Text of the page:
After years of hearing “Thank you for your service” a thousand times from friends and strangers, the final straw for me came from the most unlikely of persons. It was a few weeks ago while driving into neighboring Fort Campbell, when the young Army MP at the gate handed back to me my retiree ID card, offering his own “Thank you for your service.”
I was too surprised to react with anything more than a nod and punch on the gas pedal to get inside. The thanks rubbed me wrong. That MP may have just yesterday returned from a combat zone or may tomorrow be deployed to a combat zone, perhaps to die there. He has no obligation to thank an old soldier like me who regards his own time in combat zones as a privilege and gift that should not be confused as a duty or sacrifice to be thanked for.
My years of military “service” gave me the opportunity and challenge of being a Green Beret and deploying on adventures all over the world, all the while getting paid good money for doing it. And now still in retirement—no longer “serving”—getting a nice little direct-deposit monthly stipend. Come to think of it, perhaps it is I who should be thanking that young gate MP whose very taxes today are paying for that stipend.
This past Memorial Day, and every Memorial Day, I can expect to hear the usual thank-you from friends and acquaintances and even the Lowe’s cashier who I show my retiree ID card for a ten percent military discount. The year-round discount itself is enough of an acknowledgment—please don’t also add the “Thank you for your service.”
Especially not on Memorial Day. Memorial Day is our nation’s collective thank-you to those who died in their military service, to our fallen heroes. It is not for me or those like me who simply by overwhelmingly good odds and even better random good luck lived through our wars and came home unscathed. Those like me are alive, we get to watch the kids and grandkids and great-grandkids grow up. This day is for those who offered themselves (as all of us who serve do) but who lost to the odds, lost on the dice roll.
Here are some numbers we might remember on Memorial Day:
- In World War II more than 16 million Americans were in uniform, and 400,000 died—or, 2.5% .
- More than 5.7 million were in uniform during the Korean War, with 1.8 million deploying to the theater, and 37,000 dying (or 2% of the deployed).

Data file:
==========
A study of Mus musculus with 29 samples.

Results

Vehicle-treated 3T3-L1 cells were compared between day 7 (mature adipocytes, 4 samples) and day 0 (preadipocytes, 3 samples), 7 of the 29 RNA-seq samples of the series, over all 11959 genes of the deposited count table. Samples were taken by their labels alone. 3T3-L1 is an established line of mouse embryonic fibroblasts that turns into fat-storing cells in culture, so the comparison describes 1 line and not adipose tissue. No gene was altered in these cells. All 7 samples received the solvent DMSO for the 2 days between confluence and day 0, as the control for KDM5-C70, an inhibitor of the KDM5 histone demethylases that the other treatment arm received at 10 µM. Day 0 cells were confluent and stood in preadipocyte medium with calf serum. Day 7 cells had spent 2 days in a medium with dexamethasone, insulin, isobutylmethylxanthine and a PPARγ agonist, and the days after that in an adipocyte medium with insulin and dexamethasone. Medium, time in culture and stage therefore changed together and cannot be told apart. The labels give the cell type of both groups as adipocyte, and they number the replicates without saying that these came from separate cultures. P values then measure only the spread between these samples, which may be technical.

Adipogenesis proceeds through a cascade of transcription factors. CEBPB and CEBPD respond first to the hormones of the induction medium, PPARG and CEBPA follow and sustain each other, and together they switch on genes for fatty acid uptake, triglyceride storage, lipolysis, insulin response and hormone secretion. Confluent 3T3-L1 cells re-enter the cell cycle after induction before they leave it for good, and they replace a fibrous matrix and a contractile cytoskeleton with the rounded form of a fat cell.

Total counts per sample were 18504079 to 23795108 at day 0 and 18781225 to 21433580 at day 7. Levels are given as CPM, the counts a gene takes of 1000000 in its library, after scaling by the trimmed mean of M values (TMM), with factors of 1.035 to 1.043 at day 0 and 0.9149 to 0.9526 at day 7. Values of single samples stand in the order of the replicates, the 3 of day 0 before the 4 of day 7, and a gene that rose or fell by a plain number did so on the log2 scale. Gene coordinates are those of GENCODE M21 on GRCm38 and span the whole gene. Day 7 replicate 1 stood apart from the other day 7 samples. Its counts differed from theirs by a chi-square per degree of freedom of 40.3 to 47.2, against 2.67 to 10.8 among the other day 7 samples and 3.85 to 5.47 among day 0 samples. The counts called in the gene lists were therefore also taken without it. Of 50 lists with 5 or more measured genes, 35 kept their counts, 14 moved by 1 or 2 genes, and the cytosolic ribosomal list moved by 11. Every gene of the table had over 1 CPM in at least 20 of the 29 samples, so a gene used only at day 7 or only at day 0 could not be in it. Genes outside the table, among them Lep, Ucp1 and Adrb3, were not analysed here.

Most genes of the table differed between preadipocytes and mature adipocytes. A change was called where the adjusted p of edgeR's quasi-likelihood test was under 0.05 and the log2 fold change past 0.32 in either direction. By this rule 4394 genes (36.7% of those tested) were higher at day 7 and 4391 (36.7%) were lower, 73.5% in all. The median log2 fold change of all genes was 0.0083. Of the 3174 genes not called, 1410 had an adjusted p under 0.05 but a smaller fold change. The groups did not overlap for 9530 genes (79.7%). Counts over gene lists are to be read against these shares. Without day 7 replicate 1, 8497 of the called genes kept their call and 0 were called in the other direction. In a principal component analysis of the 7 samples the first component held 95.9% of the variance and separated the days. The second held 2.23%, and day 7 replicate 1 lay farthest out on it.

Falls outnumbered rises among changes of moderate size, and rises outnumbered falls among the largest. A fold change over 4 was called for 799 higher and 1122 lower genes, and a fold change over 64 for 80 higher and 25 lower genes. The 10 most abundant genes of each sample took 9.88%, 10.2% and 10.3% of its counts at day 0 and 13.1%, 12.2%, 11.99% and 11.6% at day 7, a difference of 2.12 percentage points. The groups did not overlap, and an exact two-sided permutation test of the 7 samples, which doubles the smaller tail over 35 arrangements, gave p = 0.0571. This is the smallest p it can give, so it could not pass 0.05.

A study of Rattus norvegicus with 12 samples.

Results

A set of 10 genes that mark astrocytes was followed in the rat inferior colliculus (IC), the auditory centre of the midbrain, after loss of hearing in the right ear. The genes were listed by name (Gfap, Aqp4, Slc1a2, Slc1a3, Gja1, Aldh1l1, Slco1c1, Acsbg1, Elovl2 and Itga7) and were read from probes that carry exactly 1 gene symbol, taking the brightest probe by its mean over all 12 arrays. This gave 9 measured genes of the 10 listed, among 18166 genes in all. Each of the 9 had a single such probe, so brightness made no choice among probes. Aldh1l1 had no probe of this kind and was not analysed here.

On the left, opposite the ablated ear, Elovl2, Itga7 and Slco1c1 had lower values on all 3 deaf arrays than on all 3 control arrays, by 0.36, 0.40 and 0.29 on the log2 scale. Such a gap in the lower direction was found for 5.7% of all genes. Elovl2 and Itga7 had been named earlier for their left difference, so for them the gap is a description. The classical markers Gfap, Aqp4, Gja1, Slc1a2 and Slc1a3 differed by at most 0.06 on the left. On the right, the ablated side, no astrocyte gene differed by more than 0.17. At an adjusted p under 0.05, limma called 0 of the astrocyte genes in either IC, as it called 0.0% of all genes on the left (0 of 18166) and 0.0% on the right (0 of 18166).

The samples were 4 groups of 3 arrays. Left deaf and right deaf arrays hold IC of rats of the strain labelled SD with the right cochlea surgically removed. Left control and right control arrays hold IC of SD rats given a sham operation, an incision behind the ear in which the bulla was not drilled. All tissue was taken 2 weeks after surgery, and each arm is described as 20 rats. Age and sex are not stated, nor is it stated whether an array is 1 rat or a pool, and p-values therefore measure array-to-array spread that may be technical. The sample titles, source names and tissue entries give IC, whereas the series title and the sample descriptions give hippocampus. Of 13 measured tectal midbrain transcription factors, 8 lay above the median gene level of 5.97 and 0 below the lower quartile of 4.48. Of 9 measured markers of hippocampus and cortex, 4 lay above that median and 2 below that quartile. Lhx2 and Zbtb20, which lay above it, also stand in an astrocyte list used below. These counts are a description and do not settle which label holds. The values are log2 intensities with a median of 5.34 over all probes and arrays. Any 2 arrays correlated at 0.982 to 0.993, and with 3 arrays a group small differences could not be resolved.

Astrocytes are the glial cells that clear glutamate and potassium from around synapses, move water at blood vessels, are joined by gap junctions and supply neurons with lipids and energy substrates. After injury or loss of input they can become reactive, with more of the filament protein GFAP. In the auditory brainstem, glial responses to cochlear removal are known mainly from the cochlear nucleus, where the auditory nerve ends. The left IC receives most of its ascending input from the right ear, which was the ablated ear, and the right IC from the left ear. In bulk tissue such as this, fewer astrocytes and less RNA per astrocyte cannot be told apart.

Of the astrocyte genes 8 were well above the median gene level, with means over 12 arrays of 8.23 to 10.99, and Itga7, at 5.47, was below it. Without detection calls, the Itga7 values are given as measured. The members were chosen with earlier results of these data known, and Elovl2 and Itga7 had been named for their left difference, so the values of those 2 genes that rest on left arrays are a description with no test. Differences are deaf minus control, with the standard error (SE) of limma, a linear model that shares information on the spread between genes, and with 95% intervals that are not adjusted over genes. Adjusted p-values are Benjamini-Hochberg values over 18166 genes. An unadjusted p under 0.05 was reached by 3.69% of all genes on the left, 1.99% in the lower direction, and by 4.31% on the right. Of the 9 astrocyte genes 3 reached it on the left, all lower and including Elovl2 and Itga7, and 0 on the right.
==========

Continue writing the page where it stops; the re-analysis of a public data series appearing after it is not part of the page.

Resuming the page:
- During the Vietnam War 9 million were in the military, with 2.7 million actually serving in the combat zone. The 58,000 American deaths in the war were about .65% of 9 million in uniform and about 2% of those who went to Vietnam.
- The First Gulf War, Desert Storm/Desert Shield, saw 2.3 million in uniform, with 700,000 deploying and about 400 dying. Testament to how lightning quick we won the war, those 400 were .06% of those who deployed.
- In the fifteen years of the present two wars, 2.5 million individual Americans have deployed to Iraq and Afghanistan, with just under 7,000 dying. With our population of over 310 million, that is less than 1% of all us Americans going to war. Of that tiny 1%, the 7,000 who died represent just .35% of those who deployed—a third of one percent.
On Memorial Day, simply because of the proximity to these two present-day wars, it might be more natural to think first of those 7,000 who have died in Afghanistan and Iraq. After all, they are our sons and daughters and brothers and sisters and nephews and nieces and high school buddies and college chums—if only knowing them not by name or face but by a couple of degrees removed, as a relative or friend of a friend of a friend.
On Memorial Day we might also have a special remembrance for those 58,000 from Vietnam, who many of us are old enough to remember personally as family or friends. And perhaps we should even recognize those Vietnam veterans still living, if for no other reason but to counter the undeserved scorn heaped on many of them upon returning from the war, (yes, they were even spat upon). A thanks today acknowledges the wrongness of disrespecting and scorning soldiers for serving honorably in a war that they did not start, had no say in its horrible execution, and could not be held accountable for its loss?
In its essence, Memorial Day is our country’s honoring of those who accepted the obligation asked of them, no matter the war, but were unfortunate to be that small percentage who did not return home. A part of me also can’t help but acknowledge those who have returned from Iraq and Afghanistan with severe physical wounds. Limbs lost, eyesight gone, bodies deformed and scarred with terrible burns, disabling brain trauma.
I made it home. Alive and well. Just as have the vast majority of veterans and those still on duty. And for the majority of us, veterans and serving, our time and experience in the military has been a net positive, from challenges accepted to knowledge gained to self-respect and worth earned to comradeship and friendships established. To us it is not a matter of thumping our own chests and giving thanks to ourselves; rather, we are like that young MP on the gate, humbled and privileged to give that thanks to others.
Yes, on Memorial Day we can light our barbecues, devour
our hotdogs, dive into our pools, and share a brew or two—there is nothing wrong with any of that. Just as long as we remember that this day is a tribute, a remembrance for our fallen heroes who cannot join us.
When we toast our brews, it is to them that we say, “Thank you for your service.”
This first appeared in The Havok Journal on May 27, 2019.